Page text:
Reality collides with minivan fantasy

November 04, 1999|By KEVIN COWHERD

SO THE FAMILY'S getting bigger, and you're wondering if now's the time to buy a minivan, modern symbol of fertility and suburban well-being.

Whoa! Not so fast.

First, say these words to yourself: Dodge Caravan.

Does this sound sexy to you?

It does?

Do you picture yourself rolling up to a stoplight in your Dodge Caravan and catching the eye of the attractive member of the opposite sex in the Porsche next to you, who then lets out a low murmur of approval?

You do?

There is something seriously wrong with you, my friend.

But you may well have what it takes to own a minivan, we'll see.

Let's explore some more of these fantasies you've been having.

In this minivan you're buying -- it doesn't have to be a Dodge Caravan, let's say it's a Ford Windstar, a GMC Safari, whatever -- do you see yourself pulling up to a soccer field or Burger King and hitting the power sliding door to disgorge four or five happy, whooping kids?

I thought so.

People, people, people don't you understand that when the little monsters return from soccer, there will be mud and grass in their cleats, and it will get all over your minivan's interior?

Don't you see you'll need the same kind of heavy-duty steam-cleaner they use at blood-spattered crime scenes to get it out?

Why does it take me to tell you that when kids come out of Burger King, they have ketchup all over their fat little fingers? And that they will proceed to rub this ketchup all over your nice new captain's chairs?

Is this what you really want out of life? To be sitting in your minivan at 10 at night, with a sponge and a bowl of soapy water in your lap, scrubbing ketchup stains off the seats?

Fine, maybe it is.

Or maybe you have a screw loose, which is more likely.

Look, I am not a psychologist. But it doesn't take one to see that you need professional help.

All right, I want to ask you a few more questions.

And I want you to be straight with me.

Because, frankly, I don't think you've been honest about this issue -- with me or yourself.

When you were a kid, and you imagined yourself barreling down the open highway as an adult, your long, flowing hair blowing in the wind, it was in a hot Corvette, wasn't it? Or a Ferrari or a Jaguar or one of those cool British sports cars.

It sure wasn't in a Nissan Quest with three screaming kids in the back and a spouse smacking you over the head with a road map while shrieking: "They're hungry! I told you we should have stopped at the last rest area!"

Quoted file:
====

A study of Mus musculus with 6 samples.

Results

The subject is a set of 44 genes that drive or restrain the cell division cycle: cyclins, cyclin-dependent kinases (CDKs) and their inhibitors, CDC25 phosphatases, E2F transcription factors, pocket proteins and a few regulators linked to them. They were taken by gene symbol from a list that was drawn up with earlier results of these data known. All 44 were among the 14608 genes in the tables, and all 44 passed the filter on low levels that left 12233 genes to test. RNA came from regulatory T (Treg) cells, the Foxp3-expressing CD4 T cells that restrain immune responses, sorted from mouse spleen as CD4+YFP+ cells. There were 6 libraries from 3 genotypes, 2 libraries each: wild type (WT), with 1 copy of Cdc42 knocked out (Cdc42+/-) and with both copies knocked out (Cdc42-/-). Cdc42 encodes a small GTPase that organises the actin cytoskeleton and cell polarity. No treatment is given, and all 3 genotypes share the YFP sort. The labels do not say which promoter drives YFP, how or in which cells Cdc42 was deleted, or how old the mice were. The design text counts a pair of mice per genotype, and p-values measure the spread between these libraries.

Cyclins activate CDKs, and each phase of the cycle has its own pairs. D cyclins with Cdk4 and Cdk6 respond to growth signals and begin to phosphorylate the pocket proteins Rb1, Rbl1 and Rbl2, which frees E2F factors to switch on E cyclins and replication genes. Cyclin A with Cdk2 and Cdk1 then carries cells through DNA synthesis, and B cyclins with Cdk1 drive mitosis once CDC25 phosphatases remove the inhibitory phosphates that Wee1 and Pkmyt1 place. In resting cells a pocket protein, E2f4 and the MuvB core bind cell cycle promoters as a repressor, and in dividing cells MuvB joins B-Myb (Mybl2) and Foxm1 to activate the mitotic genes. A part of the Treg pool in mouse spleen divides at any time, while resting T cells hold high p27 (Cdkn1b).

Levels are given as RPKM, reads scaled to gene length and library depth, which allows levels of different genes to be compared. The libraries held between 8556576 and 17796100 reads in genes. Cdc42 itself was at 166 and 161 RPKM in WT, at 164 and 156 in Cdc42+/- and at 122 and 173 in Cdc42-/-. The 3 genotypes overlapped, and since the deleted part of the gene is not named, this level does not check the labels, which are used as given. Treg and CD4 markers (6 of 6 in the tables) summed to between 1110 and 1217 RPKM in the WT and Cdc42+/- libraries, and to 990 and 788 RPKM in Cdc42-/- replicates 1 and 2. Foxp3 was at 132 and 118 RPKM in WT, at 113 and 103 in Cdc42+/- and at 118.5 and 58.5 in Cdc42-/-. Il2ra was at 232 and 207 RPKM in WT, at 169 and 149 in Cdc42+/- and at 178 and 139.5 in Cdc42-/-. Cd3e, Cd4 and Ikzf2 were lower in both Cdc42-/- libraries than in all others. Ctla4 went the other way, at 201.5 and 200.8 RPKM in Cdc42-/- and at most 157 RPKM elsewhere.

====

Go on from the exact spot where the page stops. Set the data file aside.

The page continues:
And you still want a minivan?

I don't understand you.

I really don't.

A boxy Plymouth Grand Voyager with power option package, rear window defogger, integrated child safety seats, roof rack -- this does something for you?

A clunky Oldsmobile Silhouette with cargo net, sunscreen glass, VCR and 5.5-inch TV monitor built into the overhead console -- which will show only Pokemon videos for as long as you own it, sport -- this arouses the sensual inner being in you?

A plain-Jane Honda Odyssey with third-row, foldaway bench, individual AC and heat vents, plus individual reading lights -- this is why you bust your butt for 50 hours a week?

What is with you, anyway?

OK, let's get to the bottom line. (Please. Work with me here.)

Are you buying a minivan because you feel pressured to buy one, because all your neighbors with kids have minivans, and you stand out, a vital couple in your late 30s or early 40s with three young children, still getting around in, oh, a Ford Taurus wagon?

Is that what this is all about?

Boy, are you pathetic.

But, hey, knock yourself out. Buy a minivan. You seem bent on self-destruction anyway.

So go visit your friendly Chevy or Toyota or whatever dealer and let some fat guy with a loud plaid jacket and a bad comb-over sell you one of those refrigerator cartons on wheels.

Just don't come crying to me when you hate the stupid thing.

And don't even think about borrowing my Taurus wagon.

Because that is entirely too cool for you, my friend.